American-born Jayne, her husband Eduardo the son of a legendary Mexican newspaper publisher, and their two children live an idyllic life on their 1,000 acre ranch outside of a peaceful ...
American-born Jayne, her husband Eduardo the son of a legendary Mexican newspaper publisher, and their two children live an idyllic life on their 1,000 acre ranch outside of a peaceful Mexico town. But in the summer of 2007, their peaceful life is turned into a real-life nightmare when Eduardo is ambushed and kidnapped by strangers. Written by
My wife and myself enjoy dramas based on real events, and we do not mind too much if they are not accurately factual, as we always do a search on the Internet afterward. Our search on this occasion confirmed our misgivings we felt during our viewing.
We had no knowledge whatsoever beforehand of this case and of the suffering of this family, and our comments will only be based on the film as we watched it. I had some knowledge of the many kidnappings occurring in Mexico, and the corruption, therefore understood a little of the reluctance of the authorities in this film to give them the support they deserved.
To begin, we could not understand why it was that it was the husband who was kidnapped, rather than the wife or one of the children. We could not really understand why he was beaten and tortured, in spite of the calm explanations given by the wife's supposedly secret government adviser. We could not understand why this adviser did little else, apart from play with the children. We could not understand why the husband should hold an account only in his name and which the wife knew about, but she could not access those funds. We do not recall ever being told what sort of occupation the husband held, sufficient to run a 1000 acre ranch, and how they came to possess other real estate which was on the market for 8 million dollars! Finally, when the husband was released, we felt that the film had done nothing to give us answers to these questions.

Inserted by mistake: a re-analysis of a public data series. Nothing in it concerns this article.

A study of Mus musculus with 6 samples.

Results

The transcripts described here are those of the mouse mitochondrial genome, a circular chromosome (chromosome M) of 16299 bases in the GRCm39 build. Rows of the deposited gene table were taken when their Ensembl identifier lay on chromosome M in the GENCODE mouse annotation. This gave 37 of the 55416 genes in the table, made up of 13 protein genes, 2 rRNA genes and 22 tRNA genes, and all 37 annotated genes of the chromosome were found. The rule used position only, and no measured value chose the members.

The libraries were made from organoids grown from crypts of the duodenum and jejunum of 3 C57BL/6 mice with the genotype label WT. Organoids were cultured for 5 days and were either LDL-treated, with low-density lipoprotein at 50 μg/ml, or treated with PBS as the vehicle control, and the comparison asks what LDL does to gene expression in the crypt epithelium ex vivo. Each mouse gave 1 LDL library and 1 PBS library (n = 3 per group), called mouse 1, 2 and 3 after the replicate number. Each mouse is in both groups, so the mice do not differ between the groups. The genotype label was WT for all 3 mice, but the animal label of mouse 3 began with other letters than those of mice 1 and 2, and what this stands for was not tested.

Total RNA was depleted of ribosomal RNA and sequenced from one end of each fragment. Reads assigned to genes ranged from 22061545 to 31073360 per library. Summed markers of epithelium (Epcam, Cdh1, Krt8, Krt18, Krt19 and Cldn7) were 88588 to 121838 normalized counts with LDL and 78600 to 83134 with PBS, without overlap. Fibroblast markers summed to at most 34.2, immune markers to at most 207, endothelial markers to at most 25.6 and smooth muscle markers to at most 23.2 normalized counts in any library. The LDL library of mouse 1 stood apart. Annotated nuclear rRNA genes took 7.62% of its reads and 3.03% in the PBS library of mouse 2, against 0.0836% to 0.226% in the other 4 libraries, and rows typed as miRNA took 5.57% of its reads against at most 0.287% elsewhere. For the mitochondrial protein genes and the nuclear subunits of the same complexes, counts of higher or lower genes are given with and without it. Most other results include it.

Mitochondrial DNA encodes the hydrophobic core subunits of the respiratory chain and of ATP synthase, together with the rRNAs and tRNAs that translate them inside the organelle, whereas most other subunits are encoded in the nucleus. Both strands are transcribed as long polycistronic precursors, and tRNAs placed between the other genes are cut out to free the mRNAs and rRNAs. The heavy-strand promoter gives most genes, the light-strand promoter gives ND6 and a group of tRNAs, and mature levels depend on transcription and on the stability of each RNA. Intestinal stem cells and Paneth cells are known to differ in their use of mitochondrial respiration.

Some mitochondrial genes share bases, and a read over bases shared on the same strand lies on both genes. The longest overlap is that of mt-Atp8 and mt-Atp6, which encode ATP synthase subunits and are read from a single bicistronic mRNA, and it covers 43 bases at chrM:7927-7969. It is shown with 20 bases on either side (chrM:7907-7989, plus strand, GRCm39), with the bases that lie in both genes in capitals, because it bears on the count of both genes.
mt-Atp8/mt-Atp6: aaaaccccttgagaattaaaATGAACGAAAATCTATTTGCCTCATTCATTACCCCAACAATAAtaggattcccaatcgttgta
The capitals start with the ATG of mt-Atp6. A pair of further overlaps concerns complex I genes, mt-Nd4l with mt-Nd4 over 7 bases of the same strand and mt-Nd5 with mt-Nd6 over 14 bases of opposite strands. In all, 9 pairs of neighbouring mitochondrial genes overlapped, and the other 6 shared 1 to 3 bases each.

The blurb at the end explained that they were again a happy family, (it is not surprising they were happy having sold their ranch for probably no small sum, we guessed) and would never return to Mexico, and that the kidnappers have still not been apprehended.
If this film was intended only to invoke sympathy and support for the awful experience which they suffered, then it would succeed with those who might not ask these questions. For us, at least it gave us the incentive to do a search, and now we feel we have some answers, but we are keeping them to ourselves.
We give it six because it got us thinking.